Every resident in our program learns to:

  • Educate the faculty and residents regarding the definitions of the new core competencies and descriptions of any new assessment tools, including changes to the evaluation forms.
  • Review all existing assessment and evaluation forms and modify the terminology to a competency-based description that specifically mentions “patient care” quality and other core competencies.
  • Modify resident assessment forms that measure patient care to incorporate each of the skills listed in the core competency definitions, as well as the sub-competencies and tasks as outlined from the Model of the Clinical Practice of Emergency Medicine document.
  • Provide patient care that is timely, effective, appropriate and compassionate for the management of health problems and the promotion of health.
  • Gather accurate, essential information in a timely manner from all sources, integrate diagnostic information and generate an appropriate differential diagnosis.
  • Implement an effective patient management plan, including therapy, appropriate consultation, disposition and patient education while competently performing the diagnostic and therapeutic procedures and emergency stabilization considered essential to the practice of emergency medicine.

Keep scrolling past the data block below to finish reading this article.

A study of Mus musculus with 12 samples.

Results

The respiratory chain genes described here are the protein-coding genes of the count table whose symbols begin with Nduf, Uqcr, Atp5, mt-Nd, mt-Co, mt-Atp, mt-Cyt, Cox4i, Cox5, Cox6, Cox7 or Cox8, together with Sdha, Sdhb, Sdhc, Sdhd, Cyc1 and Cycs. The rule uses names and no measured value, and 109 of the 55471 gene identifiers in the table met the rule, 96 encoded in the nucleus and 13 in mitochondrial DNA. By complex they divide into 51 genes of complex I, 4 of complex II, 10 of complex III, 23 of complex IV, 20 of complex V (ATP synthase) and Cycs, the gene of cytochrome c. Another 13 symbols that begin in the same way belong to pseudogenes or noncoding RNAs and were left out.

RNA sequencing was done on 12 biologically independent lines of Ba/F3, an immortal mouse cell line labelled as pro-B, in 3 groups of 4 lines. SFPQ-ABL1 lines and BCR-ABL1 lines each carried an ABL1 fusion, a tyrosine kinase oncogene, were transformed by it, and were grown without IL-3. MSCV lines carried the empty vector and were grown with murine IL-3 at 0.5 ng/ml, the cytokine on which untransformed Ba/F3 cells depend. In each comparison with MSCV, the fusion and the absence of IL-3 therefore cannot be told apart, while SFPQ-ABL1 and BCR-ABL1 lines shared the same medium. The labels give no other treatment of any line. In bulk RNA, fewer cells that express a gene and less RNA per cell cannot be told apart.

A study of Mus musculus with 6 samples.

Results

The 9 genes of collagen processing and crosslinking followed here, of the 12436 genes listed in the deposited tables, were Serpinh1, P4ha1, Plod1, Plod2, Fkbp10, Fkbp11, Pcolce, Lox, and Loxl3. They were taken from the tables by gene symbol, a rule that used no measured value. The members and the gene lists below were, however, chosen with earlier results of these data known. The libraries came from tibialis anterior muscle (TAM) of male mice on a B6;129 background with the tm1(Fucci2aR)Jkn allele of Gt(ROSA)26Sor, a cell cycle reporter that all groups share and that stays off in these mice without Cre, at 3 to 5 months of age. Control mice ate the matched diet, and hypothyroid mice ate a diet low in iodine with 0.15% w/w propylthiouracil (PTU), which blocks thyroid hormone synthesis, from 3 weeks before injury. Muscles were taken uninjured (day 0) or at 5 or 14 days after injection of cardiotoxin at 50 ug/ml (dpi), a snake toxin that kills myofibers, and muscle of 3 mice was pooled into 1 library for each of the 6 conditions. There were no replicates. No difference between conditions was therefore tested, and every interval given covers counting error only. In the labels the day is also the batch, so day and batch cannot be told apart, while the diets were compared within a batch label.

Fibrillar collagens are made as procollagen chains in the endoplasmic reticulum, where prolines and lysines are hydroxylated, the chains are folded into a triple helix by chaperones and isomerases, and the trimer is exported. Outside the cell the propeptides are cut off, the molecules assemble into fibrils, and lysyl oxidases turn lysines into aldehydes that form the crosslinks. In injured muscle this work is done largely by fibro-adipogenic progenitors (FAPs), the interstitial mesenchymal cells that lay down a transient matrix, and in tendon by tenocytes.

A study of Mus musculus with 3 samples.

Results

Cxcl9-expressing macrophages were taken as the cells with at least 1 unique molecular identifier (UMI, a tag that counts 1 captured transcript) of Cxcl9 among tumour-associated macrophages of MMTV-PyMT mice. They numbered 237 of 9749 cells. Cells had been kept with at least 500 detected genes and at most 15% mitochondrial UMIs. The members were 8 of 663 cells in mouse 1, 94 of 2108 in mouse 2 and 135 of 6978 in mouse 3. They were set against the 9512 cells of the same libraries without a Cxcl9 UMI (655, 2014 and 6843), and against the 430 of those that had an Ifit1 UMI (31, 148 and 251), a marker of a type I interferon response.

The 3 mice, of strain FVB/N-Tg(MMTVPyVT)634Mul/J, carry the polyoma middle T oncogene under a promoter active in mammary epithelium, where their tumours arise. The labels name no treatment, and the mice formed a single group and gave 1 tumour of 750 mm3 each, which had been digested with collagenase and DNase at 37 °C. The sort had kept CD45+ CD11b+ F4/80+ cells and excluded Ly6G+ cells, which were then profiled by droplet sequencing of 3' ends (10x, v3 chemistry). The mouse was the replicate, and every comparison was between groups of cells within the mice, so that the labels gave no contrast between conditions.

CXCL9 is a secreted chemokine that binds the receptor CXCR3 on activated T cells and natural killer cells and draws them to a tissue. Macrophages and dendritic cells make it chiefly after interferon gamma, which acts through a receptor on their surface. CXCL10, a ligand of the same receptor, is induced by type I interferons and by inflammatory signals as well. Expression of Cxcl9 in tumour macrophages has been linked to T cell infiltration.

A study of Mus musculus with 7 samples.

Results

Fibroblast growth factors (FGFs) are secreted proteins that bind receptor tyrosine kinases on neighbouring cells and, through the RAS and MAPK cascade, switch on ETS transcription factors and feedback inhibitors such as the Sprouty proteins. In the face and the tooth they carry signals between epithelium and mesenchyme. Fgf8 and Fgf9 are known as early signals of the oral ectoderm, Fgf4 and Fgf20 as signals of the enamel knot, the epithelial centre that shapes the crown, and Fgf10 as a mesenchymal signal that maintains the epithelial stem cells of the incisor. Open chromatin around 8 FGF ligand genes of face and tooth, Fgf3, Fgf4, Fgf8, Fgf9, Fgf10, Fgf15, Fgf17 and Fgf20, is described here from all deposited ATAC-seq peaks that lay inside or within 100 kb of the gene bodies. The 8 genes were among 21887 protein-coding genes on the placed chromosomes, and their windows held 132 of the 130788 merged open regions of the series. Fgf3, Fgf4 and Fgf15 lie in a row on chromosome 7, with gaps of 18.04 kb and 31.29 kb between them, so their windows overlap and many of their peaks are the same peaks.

• Prioritize and stabilize multiple patients and perform other responsibilities simultaneously.
  • Identify life-threatening conditions, diagnose, synthesize acquired patient data, identify how and when to access current medical information, properly sequence critical actions in patient care, generate a differential diagnosis for an undifferentiated patient, and complete disposition of patients using available resources.
  • Respectfully, effectively and efficiently communicate and develop a therapeutic relationship with patients and their families.
  • Develop flexible communication strategies and adjust them based on the clinical situation.
  • Develop effective listening skills and elicit and provide information using verbal, nonverbal, written and technological skills.
  • Handle situations unique to emergency medicine including: intoxicated patients, altered mental status, delivering bad news, do-not-resuscitate decisions, communication barriers, acutely psychotic patients, high-risk refusal-of-care patients, difficulties with consultants, and communication with out-of-hospital personnel and non-medical personnel (police, media, hospital administration).
  • Develop effective written communication skills.
  • Interact professionally with patients and their families, other members of the health care team, ancillary staff, out-of-hospital personnel and non-medical personnel.
  • Model behaviors of professionalism: punctuality, accurate charting, concern for patients’ rights, respect for patients and coworkers, and confidentiality.
  • Demonstrate both an understanding of the contexts and systems in which health care is provided and be able to apply this knowledge to improve and optimize health care.
  • Develop knowledge of various health care delivery systems, provide cost-effective care, advocate for quality patient care and assist patients in dealing with system complexities.
  • Analyze and assess practice experience and perform practice-based improvements.